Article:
Jewish Unity vs. Sephardic Particularism: Rav Uziel’s Sephardic Vision for the Jewish People

Rav Ben-Zion Meir Hai Uziel (1880–1953) was a visionary rabbinic leader, a strong promoter of Jewish unity, and the twentieth century’s most authentic embodiment of the classic Sephardic rabbinic tradition. His leadership was characterized, on the one hand, by a burning desire to abolish divisions between Jews, yet at the same time as promoting Sephardic Judaism.

Campus Fellows Report: Fall 2017

To our members and friends,


It is a exciting new chapter in my role as National Scholar of the Institute, as I now manage the University Network and Campus Fellowship as well. We currently have 23 Campus Fellows at 20 schools across the United States and Canada, and look forward to growing that number.


Campus Fellows run at least two programs per semester on their campuses, with the goal of promoting our Institute’s vision and enlisting participants in their programs in our University Network.


Nehemiah of our Times

Sir Herbert Samuel, later Lord Samuel of Mount Carmel and Toxteth, was the first Jewish governor of Palestine since the fall of the Bar Kokhba regime some 1800 years earlier. In many respects, however, it was Nehemiah, rather than Bar Kokhba, who was Samuel’s ancient precursor. Nehemiah, like Samuel, was a senior official in the administration of a major superpower, appointed by its ruler to govern the mixed population of one of its outlying possessions.

Anniversary of the Balfour Declaration

One hundred years ago, on November 2, 1917, Arthur Balfour, foreign secretary of Great Britain, issued the Balfour Declaration, announcing that the British Empire supported an end to the Jewish people's 1,800-year exile and its return as a free nation to its homeland - the Land of Israel. "His Majesty's government view with favor the establishment in Palestine of a national home for the Jewish people, and will use their best endeavors to facilitate the achievement of this object."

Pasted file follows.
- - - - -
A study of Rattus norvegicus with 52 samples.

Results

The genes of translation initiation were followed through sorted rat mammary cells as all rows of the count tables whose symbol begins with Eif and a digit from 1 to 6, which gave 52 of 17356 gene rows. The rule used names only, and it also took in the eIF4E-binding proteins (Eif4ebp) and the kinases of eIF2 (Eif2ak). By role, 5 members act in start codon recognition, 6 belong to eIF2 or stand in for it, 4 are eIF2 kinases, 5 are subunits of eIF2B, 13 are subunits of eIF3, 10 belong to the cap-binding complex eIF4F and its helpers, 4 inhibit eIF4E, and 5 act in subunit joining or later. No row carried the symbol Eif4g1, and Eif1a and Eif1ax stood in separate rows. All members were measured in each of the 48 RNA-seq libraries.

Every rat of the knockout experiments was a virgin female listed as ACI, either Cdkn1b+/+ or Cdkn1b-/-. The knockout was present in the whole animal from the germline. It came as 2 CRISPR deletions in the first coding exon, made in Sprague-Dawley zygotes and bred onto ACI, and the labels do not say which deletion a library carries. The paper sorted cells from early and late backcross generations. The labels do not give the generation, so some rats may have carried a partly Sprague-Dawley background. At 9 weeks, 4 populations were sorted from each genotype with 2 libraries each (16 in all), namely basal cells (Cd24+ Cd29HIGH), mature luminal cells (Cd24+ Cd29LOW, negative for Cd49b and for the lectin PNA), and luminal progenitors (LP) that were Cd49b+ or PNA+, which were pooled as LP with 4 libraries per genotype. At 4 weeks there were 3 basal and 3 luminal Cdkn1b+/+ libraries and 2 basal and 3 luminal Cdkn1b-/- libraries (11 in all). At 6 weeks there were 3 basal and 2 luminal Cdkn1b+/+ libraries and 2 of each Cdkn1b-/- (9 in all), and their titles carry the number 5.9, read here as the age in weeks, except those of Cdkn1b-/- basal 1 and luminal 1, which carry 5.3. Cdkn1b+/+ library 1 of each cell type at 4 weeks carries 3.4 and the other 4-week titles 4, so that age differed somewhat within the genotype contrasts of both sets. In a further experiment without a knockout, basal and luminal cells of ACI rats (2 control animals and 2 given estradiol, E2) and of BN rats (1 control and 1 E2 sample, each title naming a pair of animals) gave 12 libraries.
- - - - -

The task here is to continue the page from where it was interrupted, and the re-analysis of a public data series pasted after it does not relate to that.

Lessons from a "Goses"--a Dying Person

Thirty-five years ago, as an attending physician in an intensive care unit, I pondered the ethical issues involved in the use—and misuse—of increasingly powerful medical technology. Twelve years before that, in 1968, during my internship, there were few end-of-life ethical conundrums: We treated every patient as aggressively as possible—always. Death was the enemy, and we employed every medical intervention to avoid the demise of our patients.

Broadening Our Vision: An Introduction to Seven Interesting Middle Eastern Rabbis

Great figures such as Rabbis Benzion Uziel, Ḥaim David Halevy, Ovadiah Yosef, and Yosef Mesas have received much attention and analysis by scholars. However, many other great scholars and halakhic decisors remain almost unknown to persons who are not in-depth devotees of the topic. In this article, I seek to briefly introduce the reader to seven such rabbis.

National Scholar September Report

To our members and friends,

Our New Year brings new opportunity for the National Scholar program, as our family has moved from New York City to Teaneck, New Jersey. I have been teaching classes in various communities in Bergen County and beyond, as we expand our horizons to the other side of the George Washington Bridge.

Over the summer, I gave several lecture series’ in Fort Lee, Teaneck, and Fair Lawn, New Jersey.